Fri, Sep 14, 2012 - Page 3 News List

Protect fishing rights: Tsai Ing-wen, Lee Teng-hui

By Chris Wang  /  Staff reporter

Former president Lee Teng-hui, front, talks with followers in Greater Taichung yesterday.

Photo: CNA

As a row over the disputed Diaoyutai Islands (釣魚台) continued, former president Lee Teng-hui (李登輝) and former Democratic Progressive Party chairperson Tsai Ing-wen (蔡英文) yesterday underlined the need to safeguard Taiwanese rights over rich fishing grounds.

Tsai said in a statement issued yesterday evening that President Ma Ying-jeou’s (馬英九) administration should be on the alert and stay out of a potential diplomatic conflict between Japan and China as the recent tension over the islands was likely an attempt by the two countries to shift focus away from their domestic political difficulties.

Ma should demand a reopening of bilateral consultative talks for fishing rights between Taiwan and Japan to safeguard the welfare of Taiwanese fishermen, who are the “biggest victims in the controversy,” Tsai said.

Ma should also be clear and resolute about Taiwanese sovereignty over the Diaoyutai Islands and keep Beijing’s rhetoric out of the dispute, she said.

“If Taiwan lodged a protest against Japan’s nationalization of the islands, it should also regard Beijing’s inclusion of the region as its territory and Chinese vessels’ intrusion into the region as provocations, so that Japan does not assume that Taiwan is collaborating with Beijing on the issue,” Tsai said.

Taiwan’s passive attitude toward China’s claim of sovereignty could also create a false perception in the international community that Taiwan is part of China, she said.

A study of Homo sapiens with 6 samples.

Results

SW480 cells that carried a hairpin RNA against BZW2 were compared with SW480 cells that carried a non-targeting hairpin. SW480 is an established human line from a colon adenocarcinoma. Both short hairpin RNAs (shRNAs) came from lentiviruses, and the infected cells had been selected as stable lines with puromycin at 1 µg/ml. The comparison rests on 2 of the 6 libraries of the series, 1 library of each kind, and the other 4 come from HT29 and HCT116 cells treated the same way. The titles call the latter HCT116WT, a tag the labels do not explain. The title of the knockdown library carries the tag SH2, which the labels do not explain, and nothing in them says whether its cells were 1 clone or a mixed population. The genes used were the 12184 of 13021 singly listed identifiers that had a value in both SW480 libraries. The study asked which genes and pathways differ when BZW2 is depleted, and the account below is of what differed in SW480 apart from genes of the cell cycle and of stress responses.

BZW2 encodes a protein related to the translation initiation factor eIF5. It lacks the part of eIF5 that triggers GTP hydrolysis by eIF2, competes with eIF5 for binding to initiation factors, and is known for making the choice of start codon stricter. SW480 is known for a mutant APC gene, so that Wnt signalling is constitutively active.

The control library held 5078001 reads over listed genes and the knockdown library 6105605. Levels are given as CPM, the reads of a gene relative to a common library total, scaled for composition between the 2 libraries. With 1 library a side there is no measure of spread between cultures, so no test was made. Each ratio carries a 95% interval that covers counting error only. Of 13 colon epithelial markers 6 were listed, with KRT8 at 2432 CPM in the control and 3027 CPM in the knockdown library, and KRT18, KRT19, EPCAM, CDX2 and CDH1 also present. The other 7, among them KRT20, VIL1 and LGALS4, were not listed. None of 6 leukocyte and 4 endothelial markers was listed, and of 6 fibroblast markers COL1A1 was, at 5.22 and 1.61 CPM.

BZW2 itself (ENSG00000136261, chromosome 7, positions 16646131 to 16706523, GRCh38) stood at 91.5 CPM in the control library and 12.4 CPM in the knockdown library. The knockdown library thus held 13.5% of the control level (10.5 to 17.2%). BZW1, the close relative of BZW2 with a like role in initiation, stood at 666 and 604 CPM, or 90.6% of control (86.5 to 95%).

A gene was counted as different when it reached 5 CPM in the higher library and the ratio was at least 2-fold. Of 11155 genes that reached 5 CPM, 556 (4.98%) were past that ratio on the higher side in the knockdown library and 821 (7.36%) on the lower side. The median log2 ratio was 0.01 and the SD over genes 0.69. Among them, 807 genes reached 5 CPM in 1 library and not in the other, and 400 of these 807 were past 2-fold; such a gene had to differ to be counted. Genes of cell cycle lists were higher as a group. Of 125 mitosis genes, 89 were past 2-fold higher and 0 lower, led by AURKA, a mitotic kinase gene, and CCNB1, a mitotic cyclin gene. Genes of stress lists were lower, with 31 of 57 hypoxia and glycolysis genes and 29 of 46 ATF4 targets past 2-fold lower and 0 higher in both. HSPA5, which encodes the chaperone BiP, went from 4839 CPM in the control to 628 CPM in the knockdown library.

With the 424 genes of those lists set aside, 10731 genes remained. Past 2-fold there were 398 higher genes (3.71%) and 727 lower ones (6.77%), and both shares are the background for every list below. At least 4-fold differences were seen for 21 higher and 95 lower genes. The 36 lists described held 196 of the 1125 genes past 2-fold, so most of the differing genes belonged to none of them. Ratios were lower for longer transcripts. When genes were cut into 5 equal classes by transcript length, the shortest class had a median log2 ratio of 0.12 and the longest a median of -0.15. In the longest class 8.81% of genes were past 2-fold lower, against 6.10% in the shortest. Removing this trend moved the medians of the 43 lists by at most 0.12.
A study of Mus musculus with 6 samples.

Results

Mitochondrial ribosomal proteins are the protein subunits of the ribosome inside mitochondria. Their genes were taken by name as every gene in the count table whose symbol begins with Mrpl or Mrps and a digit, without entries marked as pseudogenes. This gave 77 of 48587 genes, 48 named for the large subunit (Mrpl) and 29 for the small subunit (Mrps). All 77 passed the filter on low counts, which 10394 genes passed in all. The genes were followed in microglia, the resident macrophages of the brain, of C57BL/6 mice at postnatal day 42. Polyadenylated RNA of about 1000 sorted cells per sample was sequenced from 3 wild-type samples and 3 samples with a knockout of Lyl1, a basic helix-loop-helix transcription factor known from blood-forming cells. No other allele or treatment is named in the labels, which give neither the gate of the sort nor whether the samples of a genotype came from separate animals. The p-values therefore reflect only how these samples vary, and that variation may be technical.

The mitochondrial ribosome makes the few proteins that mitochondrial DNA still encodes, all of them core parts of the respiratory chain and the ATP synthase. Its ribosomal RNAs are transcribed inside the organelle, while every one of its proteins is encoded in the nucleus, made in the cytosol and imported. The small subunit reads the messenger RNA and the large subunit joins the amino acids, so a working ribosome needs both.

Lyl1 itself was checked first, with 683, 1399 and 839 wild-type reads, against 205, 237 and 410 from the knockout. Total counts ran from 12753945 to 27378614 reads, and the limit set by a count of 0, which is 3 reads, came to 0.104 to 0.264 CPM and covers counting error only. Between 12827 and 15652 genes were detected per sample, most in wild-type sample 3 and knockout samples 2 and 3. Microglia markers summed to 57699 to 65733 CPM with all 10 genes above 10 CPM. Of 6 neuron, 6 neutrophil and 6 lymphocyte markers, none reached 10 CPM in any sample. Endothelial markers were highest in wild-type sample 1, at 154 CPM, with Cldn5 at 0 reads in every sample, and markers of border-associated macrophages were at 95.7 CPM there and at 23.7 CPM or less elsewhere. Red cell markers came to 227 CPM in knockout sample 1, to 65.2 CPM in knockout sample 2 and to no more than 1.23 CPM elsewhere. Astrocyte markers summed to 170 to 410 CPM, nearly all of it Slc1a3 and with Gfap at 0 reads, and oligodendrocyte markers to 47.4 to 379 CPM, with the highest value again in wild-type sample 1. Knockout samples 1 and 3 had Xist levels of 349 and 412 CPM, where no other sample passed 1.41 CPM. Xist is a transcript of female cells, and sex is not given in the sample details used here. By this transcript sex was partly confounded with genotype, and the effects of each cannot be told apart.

Lee was also dogged for comments about the Diaoyutais controversy throughout his journey in central Taiwan, which concluded yesterday. The former president reiterated that the issue was about “fishing rights” rather than sovereignty and the government “should stop lying to its people.”

In response to reporters’ questions yesterday, the 89-year-old said neither historical facts nor international law prove that the islets are Taiwanese territory.

“The fishing grounds are the most important issue in the dispute, as the rich fishery resources around the Diaoyutais’ waters affect the livelihood of Taiwanese fishermen,” Lee said while visiting Dongshih Township (東勢) in Greater Taichung

Lee shrugged off criticism from the Presidential Office and Chinese Nationalist Party (KMT) lawmakers about his comments, which they said implied that Japan has sovereignty over the Diaoyutais.

While Lee did not directly say that Japan holds sovereignty over the islands, he has said in the past that sovereignty over the Diaoyutais would not have been transferred without military conflicts and occupation or international treaties.